It is quite tough to fathom the hold the Gartner folk have on the communications industry. They are, or believe they are, so powerful that even powerful software companies get upset at not being in the right place in one of their Magic Quadrants. Some go to great lengths to try and change it. In the case Netscout last week and ZL in 2009, they reach for their lawyers.
There are three themes that seem to recur with these Magic Quadrant cases.
Is it that Gartner creates their Magic Quadrants at best on subjective data? At worst – allegedly, of course – based on how much consultancy you buy from them, the so called ‘Pay to Play.’ Oddly, they also seem to be fixated on Marketing budgets. According to ‘sources’, a Gartner analyst said to his client that it was going nowhere because it spent virtually nothing on marketing.
They do seem to be attracted to companies with big marketing budgets. Presumably someone has told Gartner that spending millions on marketing in this industry is pretty ineffective (even though most people reluctantly do it at the big shows). What you need to do is begin conversations with key people. Perhaps the analyst meant ‘spent virtually nothing on marketing with Gartner.’
The second is that both Netscout and other companies have been offered the opportunity to see a draft of a Magic Quadrant – and the measurement criteria behind it – and, according to our own sources, when companies have requested amendments to factual information that has been mis-represented or wrong, have been refused or ignored. Another established company was simply left out of the relevant Magic Quadrant. Coincidently, they do not pay Gartner any money. Hardly best practice.
The third is that Gartner may not be as influential as it would like us to think it is. At least not in the BSS arena. Following their original ‘puzzling’ Magic Quadrant, we asked twelve very large operators how influential Gartner was in their IT decision making process. We gave these industry decision makers a simple scale, where ‘1’ equals ‘we completely ignore them’ and ‘5’ was ‘we do exactly what they recommend.’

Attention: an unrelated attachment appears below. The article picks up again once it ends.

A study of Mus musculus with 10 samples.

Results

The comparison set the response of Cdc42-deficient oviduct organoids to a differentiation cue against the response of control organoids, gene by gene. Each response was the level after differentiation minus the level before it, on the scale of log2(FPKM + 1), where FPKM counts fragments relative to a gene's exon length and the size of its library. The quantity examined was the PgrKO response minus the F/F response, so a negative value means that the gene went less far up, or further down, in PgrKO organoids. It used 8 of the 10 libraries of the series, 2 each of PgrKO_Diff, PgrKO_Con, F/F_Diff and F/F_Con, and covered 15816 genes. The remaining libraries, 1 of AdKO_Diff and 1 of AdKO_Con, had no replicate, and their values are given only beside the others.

Not one of those operators we surveyed gave Gartner a 5. Only one gave them a 4 ‘very influential,’ the majority gave them a 3 – ‘we use the information as part of our decision-making process, no more.’
Oddly, part of Gartner’s defence back in 2009 was that the suit was wrong ‘because it attacks opinions expressed by Gartner, Inc. These opinions are constitutionally protected,…’
So, as we thought, Magic Quadrants are apparently just opinions, and in our opinion, opinions formed by junior analysts chatting to people. We wrote to them about this when they produced a second puzzling IRCM Magic Quadrant.
The only thing we can suggest, since picking a fight with a film critic is pretty pointless if you are trying to promote a film, is to give Gartner’s Magic Quadrants the weighting they actually deserve, which, in our part of the industry at least is ‘part of the decision-making process.’ No more.
Unfortunately ‘we use the information as part of our decision-making process, no more’ is likely to mean ‘we use the information to draw up our candidate shortlist’. Why? Because it’s quick, easy and we don’t have to work too hard to justify it to anyone else.
Unfortunately for the vendor, if you don’t make it through that part of ‘the decision-making process’, it could have a serious impct on your business. Not surprising that people take it seriously and are generally wary of riling the judges.